Sanitary products are one of the top five items most commonly found on European beaches, but what if you could avoid adding to this problem with period products that can be flushed like toilet paper? That’s the concept behind Planera.
Currently, most commercially available pads and panty liners are not biodegradable or compostable. However, a few companies have tried to change this.
In the UK alone, 2.5 million tampons and 1.4 million pads are flushed each day. But if you’re able to get into the habit of using reusable period pants or sanitary pads, you can save yourself a fortune and stop all those disposables from reaching landfills or waterways.
The present invention relates to water-flushable films useful as back sheets for disposable absorbent articles, particularly for back sheets of certain catamenial products including interlabial sanitary napkins. The film has a water-impervious biodegradable layer that maintains integrity during use, minimizes or prevents aqueous liquids from penetrating through the film, and controls the rate at which the water-soluble layer disintegrates and degrades after the film is flushed.
The film also has a hydrophilic body surface to help menstrual fluid transfer through the pad faster and is made from cellulose fiber. The rest of the pad includes a non-woven fabric, barrier plastic, super-absorbent polymer and wood pulp – all plant-based, compostable materials which are chemical-free.
Those who are eco-conscious should look for pads labeled as organic and compostable. Unlike biodegradable napkins, which take years to break down and leave residues, compostable pads decompose in the soil within a specified time frame, returning nutrients for plant growth.
In addition, consumers should also be aware of the difference between flushable and biodegradable sanitary pads. While biodegradable sanitary products break down in the environment, flushable sanitary napkins are designed to break down in water.
The preferred embodiment of the flushable sanitary pad comprises a non-woven web of fibers held together with a water-dispersible binder. When deposited in a toilet, the sanitary napkin dissolves, leaving behind the absorbent pad components enclosed in a baffle made of a plastic film 23. The plastic film preferably is thin and flexible enough to collapse and pass through the toilet system conduits without obstruction. The remaining areas of the pad structure that are bound with pressure-sensitive adhesives should be of a size that permits them to pass through conventional sewerage systems without obstruction.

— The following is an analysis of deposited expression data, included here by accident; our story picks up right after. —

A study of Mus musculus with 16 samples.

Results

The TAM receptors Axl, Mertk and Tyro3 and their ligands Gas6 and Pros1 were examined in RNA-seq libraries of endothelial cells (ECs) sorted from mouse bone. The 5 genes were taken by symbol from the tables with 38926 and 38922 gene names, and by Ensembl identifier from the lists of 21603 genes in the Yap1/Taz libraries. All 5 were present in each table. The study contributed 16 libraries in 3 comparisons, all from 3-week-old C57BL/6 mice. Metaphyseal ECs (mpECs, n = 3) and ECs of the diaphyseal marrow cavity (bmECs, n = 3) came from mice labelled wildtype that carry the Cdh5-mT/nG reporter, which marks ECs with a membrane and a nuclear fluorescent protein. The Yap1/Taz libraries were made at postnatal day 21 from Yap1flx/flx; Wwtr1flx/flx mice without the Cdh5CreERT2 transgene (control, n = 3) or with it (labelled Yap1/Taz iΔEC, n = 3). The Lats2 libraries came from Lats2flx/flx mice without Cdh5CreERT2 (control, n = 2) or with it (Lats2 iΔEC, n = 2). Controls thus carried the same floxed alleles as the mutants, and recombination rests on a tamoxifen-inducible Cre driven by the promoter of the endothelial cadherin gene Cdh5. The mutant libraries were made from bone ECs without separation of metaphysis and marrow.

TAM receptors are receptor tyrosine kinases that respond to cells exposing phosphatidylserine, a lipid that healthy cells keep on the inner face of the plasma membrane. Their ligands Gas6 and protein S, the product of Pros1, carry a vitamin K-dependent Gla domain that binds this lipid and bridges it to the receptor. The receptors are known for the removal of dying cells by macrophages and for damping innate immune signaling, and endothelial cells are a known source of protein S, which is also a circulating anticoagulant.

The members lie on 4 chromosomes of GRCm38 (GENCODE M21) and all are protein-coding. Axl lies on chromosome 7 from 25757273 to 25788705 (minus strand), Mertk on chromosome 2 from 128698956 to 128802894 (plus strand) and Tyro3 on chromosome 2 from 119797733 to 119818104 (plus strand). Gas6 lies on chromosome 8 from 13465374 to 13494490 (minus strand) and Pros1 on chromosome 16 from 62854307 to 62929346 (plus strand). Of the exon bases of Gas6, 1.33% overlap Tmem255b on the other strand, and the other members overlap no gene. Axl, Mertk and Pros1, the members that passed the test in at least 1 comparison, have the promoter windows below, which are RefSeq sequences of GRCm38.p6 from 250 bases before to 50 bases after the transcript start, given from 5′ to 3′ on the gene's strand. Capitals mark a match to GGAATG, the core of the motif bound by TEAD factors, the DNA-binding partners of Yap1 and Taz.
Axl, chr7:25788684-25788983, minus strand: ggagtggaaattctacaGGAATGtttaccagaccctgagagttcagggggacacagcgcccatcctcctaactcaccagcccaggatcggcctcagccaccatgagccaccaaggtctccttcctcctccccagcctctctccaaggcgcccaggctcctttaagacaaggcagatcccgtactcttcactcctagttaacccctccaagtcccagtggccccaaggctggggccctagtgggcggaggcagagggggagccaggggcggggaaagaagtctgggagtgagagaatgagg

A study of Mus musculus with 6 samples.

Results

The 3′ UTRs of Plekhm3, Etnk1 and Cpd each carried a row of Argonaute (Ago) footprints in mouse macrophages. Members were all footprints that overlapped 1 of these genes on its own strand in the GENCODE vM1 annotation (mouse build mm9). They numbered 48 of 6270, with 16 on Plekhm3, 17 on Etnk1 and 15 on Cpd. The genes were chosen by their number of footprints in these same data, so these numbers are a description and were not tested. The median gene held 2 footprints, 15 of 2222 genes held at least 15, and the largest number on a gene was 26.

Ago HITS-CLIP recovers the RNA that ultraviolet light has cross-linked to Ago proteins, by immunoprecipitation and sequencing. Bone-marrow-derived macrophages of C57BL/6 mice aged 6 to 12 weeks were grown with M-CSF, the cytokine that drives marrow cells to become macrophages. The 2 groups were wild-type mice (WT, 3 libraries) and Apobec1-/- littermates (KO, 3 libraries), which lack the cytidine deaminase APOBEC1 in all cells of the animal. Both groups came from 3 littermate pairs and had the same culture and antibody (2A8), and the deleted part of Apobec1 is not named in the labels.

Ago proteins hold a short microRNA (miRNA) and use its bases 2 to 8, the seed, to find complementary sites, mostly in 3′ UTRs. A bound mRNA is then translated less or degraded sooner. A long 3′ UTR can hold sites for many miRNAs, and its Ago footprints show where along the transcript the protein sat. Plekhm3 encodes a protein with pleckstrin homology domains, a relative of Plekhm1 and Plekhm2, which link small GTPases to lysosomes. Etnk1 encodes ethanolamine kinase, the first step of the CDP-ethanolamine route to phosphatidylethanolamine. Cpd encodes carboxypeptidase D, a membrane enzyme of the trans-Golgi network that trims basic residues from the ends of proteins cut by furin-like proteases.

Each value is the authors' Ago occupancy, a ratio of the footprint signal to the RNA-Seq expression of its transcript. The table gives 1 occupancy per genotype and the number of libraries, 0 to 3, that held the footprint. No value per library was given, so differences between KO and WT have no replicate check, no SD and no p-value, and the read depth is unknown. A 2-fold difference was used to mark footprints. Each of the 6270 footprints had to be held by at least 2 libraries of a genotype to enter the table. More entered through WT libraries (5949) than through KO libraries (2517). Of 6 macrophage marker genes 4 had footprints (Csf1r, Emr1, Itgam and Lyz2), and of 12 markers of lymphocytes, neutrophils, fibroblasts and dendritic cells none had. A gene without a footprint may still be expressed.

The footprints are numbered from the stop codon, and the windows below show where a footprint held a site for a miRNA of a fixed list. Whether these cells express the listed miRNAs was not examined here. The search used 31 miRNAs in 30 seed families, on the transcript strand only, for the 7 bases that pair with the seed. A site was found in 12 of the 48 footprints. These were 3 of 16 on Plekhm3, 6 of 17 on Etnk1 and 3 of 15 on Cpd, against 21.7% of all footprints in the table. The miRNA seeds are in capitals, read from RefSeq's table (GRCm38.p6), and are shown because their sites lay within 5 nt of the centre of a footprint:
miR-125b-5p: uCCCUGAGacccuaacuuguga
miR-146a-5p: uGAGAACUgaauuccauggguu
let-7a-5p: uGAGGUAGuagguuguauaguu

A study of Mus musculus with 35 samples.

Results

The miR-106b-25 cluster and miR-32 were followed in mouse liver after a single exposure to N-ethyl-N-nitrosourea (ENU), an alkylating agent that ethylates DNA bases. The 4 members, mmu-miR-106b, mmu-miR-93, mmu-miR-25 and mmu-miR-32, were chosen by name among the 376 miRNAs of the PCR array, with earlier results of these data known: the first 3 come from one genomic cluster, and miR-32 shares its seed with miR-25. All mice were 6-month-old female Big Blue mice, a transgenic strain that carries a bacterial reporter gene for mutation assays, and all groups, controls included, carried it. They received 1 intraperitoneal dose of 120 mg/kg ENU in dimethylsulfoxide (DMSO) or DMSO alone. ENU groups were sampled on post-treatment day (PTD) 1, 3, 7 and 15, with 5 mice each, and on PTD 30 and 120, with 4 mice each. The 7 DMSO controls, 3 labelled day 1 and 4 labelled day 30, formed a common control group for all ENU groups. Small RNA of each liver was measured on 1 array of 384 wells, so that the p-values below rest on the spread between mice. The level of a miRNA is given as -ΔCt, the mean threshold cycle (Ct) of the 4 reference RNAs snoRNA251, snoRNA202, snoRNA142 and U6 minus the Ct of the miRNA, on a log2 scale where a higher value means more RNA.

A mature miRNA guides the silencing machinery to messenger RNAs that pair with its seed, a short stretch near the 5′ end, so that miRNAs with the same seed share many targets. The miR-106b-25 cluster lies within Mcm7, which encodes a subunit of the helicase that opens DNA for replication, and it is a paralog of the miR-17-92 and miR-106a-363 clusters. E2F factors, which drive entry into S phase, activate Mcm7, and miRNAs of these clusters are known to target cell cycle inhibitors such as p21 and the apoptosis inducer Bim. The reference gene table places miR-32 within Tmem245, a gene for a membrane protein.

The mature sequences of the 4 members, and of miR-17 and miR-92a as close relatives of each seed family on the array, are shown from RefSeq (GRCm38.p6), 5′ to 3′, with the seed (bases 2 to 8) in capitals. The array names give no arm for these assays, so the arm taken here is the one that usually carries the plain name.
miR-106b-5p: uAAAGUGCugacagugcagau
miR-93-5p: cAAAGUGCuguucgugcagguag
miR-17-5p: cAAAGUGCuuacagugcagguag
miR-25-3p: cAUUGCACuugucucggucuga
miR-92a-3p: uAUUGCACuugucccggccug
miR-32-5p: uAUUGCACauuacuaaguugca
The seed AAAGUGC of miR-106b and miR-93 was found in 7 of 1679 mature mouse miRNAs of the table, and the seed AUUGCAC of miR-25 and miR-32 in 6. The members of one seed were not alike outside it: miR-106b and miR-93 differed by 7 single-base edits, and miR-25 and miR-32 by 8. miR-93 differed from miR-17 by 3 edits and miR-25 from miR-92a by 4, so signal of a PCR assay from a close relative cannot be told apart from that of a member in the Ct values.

Historically, women have disposed of sanitary products by either throwing them away or putting them in a trash receptacle outside the bathroom. Some may have even attempted to flush them, which is not good news because the majority of sanitary pads are chemically-laden and contain super-absorbent polymer (SAP) or wood pulp along with plastic liners for waterproofing.
The new flushable sanitary pad from British organic tampon company Planera is designed to be completely biodegradable and compostable. The first-of-its-kind, it fully dissolves within six hours after being flushed and makes its way to water treatment centers where it can be safely treated as sewage and regenerated into renewable energy.
The new sanitary napkin has been successfully tested to comply with WIS 4-02-06:2014, which is the water industry specification for flush ability. The hydraulic action of the toilet flush causes the sanitary napkin and its wrapper to tear apart, which then breaks down into biodegradable plant fibers. This makes it more like a loo roll and less likely to cause blockages or clogs.
4. Packaging Material
Often, when women use sanitary pads or other feminine products they throw the packaging away, either placing it in their purses, dropping it on the bathroom floor, or throwing it into a trash receptacle for sanitary products. In some instances, a user will attempt to flush the package whether it is designed to be flushed or not.
In the past, a number of patents have described a sanitary pad product that includes a nonwoven fabric cover surrounding an absorbent interlabial pad of short cellulosic fibers. One of the problems that has been encountered with this type of product is achieving sufficient wet strength for the pad to provide good wear performance, while at the same time providing the cover with flushability characteristics.
The film of the present invention overcomes this problem by combining the advantages of a soft, flexible wrapper material with an effective moisture barrier and wet tensile properties. The water-permeable layer controls the rate of disintegration and degradation of the film in aqueous environments during use, so that the package remains sufficiently intact to perform as intended and flushable when disposed of.